Concentrated Solar Thermal

Constructed in NSW, 1981, White Cliffs Solar Power Station was the first concentrated solar thermal power station in Australia. In fact, it was Australia’s first solar power station. However, White Cliffs Solar Power Station used dishes lined with mirrors to focus sunlight to a central point as opposed to photovoltaic panels.

Concentrated Solar Thermal Power Station Photo by Laura Ockel on Unsplash

Concentrated solar thermal power stations differ from photovoltaic (PV) solar power stations. Photovoltaic systems convert solar energy into electricity in the photovoltaic panels. Whereas, concentrated solar thermal power stations focus the Sun’s energy at a single point on a receiving tower using an array of specially designed mirrors (also called heliostats).

Similar, to a Campbell-Stokes recorder, which uses a glass globe to focus sunlight at a single point to burn a hole through a card, the principal of heliostats is the same.

Campbell Stokes recorder - Sunshine Duration Measurement
Campbell-Stokes Recorder focuses light to a single point.

Internal reflection inside the globe of a Campbell-Stokes recorder ‘automatically’ focuses sunlight on to a single point with only basic alignment needed. Unfortunately, this is not the case for concentrated solar thermal systems. Therefore, it is necessary for the mirrors to be very carefully aligned or continuously orientated to the sun’s location to maximise reflection. For this, pyrheliometers are used in both the planning phase and while the plant is operational.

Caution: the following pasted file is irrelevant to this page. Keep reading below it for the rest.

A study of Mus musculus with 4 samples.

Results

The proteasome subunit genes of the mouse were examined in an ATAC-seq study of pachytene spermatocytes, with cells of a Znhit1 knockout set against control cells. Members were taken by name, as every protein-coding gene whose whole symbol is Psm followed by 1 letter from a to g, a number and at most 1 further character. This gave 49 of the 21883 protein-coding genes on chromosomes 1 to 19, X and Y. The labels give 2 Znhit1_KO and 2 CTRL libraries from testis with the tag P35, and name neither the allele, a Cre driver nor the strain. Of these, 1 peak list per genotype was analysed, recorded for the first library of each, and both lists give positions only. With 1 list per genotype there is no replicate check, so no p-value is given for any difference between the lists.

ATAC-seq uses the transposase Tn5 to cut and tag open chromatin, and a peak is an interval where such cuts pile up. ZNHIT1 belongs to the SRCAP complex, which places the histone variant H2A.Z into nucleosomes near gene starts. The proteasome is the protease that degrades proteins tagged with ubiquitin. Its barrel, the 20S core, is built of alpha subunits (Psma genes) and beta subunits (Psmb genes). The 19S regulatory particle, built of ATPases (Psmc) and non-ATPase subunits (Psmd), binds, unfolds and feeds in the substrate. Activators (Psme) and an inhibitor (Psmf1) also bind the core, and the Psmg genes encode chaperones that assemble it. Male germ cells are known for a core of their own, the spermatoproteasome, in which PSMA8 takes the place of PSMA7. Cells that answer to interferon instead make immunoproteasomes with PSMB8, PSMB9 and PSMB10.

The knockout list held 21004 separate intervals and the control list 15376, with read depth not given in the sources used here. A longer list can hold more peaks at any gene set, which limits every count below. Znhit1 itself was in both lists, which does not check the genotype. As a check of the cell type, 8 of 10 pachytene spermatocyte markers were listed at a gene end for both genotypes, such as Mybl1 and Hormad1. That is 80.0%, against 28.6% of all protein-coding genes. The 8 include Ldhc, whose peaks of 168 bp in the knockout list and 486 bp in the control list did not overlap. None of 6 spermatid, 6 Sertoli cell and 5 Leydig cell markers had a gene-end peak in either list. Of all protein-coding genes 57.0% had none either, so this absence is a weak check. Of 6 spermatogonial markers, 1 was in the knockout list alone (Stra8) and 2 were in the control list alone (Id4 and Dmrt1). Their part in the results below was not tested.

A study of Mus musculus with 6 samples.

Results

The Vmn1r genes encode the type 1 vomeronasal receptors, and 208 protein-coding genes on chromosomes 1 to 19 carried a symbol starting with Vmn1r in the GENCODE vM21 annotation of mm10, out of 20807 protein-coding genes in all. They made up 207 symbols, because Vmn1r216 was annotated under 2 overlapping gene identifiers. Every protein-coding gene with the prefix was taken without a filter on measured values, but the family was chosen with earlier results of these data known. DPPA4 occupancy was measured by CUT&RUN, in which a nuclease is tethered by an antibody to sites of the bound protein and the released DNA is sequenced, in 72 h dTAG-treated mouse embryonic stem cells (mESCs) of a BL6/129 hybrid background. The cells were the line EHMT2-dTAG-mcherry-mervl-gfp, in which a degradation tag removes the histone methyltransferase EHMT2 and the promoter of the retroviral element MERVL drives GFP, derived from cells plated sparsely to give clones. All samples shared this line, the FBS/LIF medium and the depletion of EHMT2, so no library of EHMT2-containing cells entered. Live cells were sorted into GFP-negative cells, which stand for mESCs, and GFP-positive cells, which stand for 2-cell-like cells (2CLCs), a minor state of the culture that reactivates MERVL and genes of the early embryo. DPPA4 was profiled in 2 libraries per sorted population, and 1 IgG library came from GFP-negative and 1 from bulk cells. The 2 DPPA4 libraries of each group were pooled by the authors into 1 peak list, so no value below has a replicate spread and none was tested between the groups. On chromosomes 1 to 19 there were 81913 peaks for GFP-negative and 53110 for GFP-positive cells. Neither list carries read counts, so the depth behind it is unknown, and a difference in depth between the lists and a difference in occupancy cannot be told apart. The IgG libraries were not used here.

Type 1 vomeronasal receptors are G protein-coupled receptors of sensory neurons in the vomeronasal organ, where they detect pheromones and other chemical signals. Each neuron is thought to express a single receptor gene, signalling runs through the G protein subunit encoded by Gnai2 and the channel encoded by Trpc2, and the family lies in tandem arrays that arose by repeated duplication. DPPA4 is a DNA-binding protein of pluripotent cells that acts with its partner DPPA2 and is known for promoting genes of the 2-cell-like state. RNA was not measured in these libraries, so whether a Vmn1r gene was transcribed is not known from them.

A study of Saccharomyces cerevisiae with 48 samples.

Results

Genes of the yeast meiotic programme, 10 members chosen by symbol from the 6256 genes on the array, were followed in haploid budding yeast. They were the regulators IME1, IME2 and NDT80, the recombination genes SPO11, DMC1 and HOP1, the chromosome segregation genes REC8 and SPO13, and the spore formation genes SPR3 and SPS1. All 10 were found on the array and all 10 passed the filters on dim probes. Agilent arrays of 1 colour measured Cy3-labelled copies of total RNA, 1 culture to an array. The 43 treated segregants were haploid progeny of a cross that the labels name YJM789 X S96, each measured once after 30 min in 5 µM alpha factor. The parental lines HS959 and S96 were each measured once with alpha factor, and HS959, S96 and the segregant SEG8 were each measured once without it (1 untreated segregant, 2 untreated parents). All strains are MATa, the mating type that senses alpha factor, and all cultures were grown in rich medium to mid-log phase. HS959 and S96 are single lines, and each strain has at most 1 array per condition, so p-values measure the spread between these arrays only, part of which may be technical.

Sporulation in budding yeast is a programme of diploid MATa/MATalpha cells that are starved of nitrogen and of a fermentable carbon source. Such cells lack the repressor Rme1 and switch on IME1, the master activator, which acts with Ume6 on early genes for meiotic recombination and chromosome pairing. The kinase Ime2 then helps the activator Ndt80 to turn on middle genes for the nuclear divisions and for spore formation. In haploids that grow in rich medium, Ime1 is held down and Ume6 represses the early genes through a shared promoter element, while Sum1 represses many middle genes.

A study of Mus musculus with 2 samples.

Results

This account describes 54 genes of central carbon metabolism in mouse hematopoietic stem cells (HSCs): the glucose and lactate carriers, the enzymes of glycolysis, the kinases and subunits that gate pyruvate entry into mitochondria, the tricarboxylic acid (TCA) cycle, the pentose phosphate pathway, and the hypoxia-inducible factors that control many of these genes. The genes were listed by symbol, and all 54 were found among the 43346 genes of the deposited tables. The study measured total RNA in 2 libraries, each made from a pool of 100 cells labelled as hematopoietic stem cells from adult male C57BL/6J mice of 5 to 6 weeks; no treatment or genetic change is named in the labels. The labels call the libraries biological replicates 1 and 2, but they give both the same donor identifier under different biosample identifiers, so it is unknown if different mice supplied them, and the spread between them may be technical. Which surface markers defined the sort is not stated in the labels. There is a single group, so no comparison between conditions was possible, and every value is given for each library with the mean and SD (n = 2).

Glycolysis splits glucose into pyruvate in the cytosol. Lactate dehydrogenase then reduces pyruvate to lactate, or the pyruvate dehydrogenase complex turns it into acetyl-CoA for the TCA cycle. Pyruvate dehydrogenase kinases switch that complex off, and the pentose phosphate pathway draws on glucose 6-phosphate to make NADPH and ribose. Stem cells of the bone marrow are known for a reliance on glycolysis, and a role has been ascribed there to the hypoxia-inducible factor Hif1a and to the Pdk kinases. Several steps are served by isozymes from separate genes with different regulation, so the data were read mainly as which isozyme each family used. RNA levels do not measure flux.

Pyrheliometer measurements help optimise mirror positioning and alignment for maximum energy reflection. Some concentrated solar thermal power stations fix the mirrors in place and circle the receiver to capture a day’s irradiance. Whereas others use a dual-axis system to precisely angle the mirrors. As a result of the dual-axis, the mirrors have a greater range of rotation. This greater range means they do not need to surround the receiver tower.

Electricity generation

direct normal radiation sensor
Pyrheliometer, used to measure direct normal irradiance.

The mirrors themselves do not generate useable electricity.

The receiver towers contain fluids in the form of oils or molten sodium.  The focussed energy from the mirrors heats the fluids in the receiver. The heated fluids store heat energy acting as a battery. Subsequently, the battery’s potential energy is increased during the day, then released as electricity at night to meet energy demands. However, electricity can be generated during the day to meet demand.

Concentrated solar power stations create electricity by using the energy in the heated fluids to heat water into steam.  As per traditional coal or gas power stations, the steam spins turbines that generate electricity.